COVID-19 vaccination rate rising amid surge in cases, hospitalizations


Still, vaccination rates in East Texas lag behind other areas of the state.

In Smith County, 40% of the eligible population is fully vaccinated. In more rural counties, the percentage of eligible people that are fully vaccinated is much lower.

“Some counties are still in the 20s. Upshur County 27%, Shelby 27%, and Panola County 26%, so we really need to bump those rates up, especially in some of those more rural East Texas counties,” Smith County Health Authority Dr. Paul McGaha said.

Over the last few weeks in all of those counties, vaccination rates have climbed once again. In Smith County, 3,189 doses were given last week. That’s a 10% increase from the week prior.

“I think what’s driving that increase is the Delta variant. People are seeing increased cases, they’re seeing hospitals fill up, they’re seeing some friends, family members contracting the Delta variant, and so some people who were kind of on the fence are now coming over and getting that vaccine,” McGaha said.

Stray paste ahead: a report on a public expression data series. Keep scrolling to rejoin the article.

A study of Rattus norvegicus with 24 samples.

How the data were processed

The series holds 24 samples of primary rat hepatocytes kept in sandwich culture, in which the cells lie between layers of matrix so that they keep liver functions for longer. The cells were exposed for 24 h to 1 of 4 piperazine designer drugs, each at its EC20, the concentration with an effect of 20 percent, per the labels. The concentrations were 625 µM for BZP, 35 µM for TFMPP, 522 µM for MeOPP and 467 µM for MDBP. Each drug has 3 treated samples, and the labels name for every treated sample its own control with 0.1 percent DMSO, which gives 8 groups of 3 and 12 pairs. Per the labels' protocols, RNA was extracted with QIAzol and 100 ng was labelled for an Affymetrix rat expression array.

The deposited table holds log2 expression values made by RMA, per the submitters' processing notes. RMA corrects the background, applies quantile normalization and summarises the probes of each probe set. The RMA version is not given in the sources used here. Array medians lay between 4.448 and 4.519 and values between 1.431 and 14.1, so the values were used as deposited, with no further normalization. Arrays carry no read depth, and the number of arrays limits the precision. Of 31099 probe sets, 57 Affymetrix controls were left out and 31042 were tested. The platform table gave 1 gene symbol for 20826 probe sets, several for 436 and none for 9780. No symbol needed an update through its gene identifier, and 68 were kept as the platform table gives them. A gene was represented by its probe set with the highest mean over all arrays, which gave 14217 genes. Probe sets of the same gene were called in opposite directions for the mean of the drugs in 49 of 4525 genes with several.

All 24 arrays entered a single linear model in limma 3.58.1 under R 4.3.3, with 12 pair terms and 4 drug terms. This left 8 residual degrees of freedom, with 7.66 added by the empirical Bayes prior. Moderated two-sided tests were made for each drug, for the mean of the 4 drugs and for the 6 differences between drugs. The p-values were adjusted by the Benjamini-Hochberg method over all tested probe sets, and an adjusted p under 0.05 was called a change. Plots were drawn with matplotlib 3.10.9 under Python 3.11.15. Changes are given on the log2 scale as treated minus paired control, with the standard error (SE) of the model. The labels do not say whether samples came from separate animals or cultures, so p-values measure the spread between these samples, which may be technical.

Hundreds of people are currently in East Texas hospitals with the virus. Dr. McGaha says the overwhelming majority of them have one thing in common − they were not vaccinated.

“Those individuals in the hospital are not saying I wish I had not taken the vaccine − they are adamantly wishing they had,” McGaha said.

Dr. McGaha says although rare, fully vaccinated people can still catch COVID-19, but it drastically reduces their chances of being hospitalized.

“Some people that are really against it change their mind when a loved one or someone close to them contracts it, when they’re put on a ventilator or something like that and that’s a tragic situation that can be easily prevented,” McGaha said.

For those holding off until the vaccines are given full approval by the FDA, McGaha says that will likely come in a few weeks, but he advises against waiting that long, considering the rapid spread in our community.

To view the state’s COVID-19 vaccine dashboard, click here.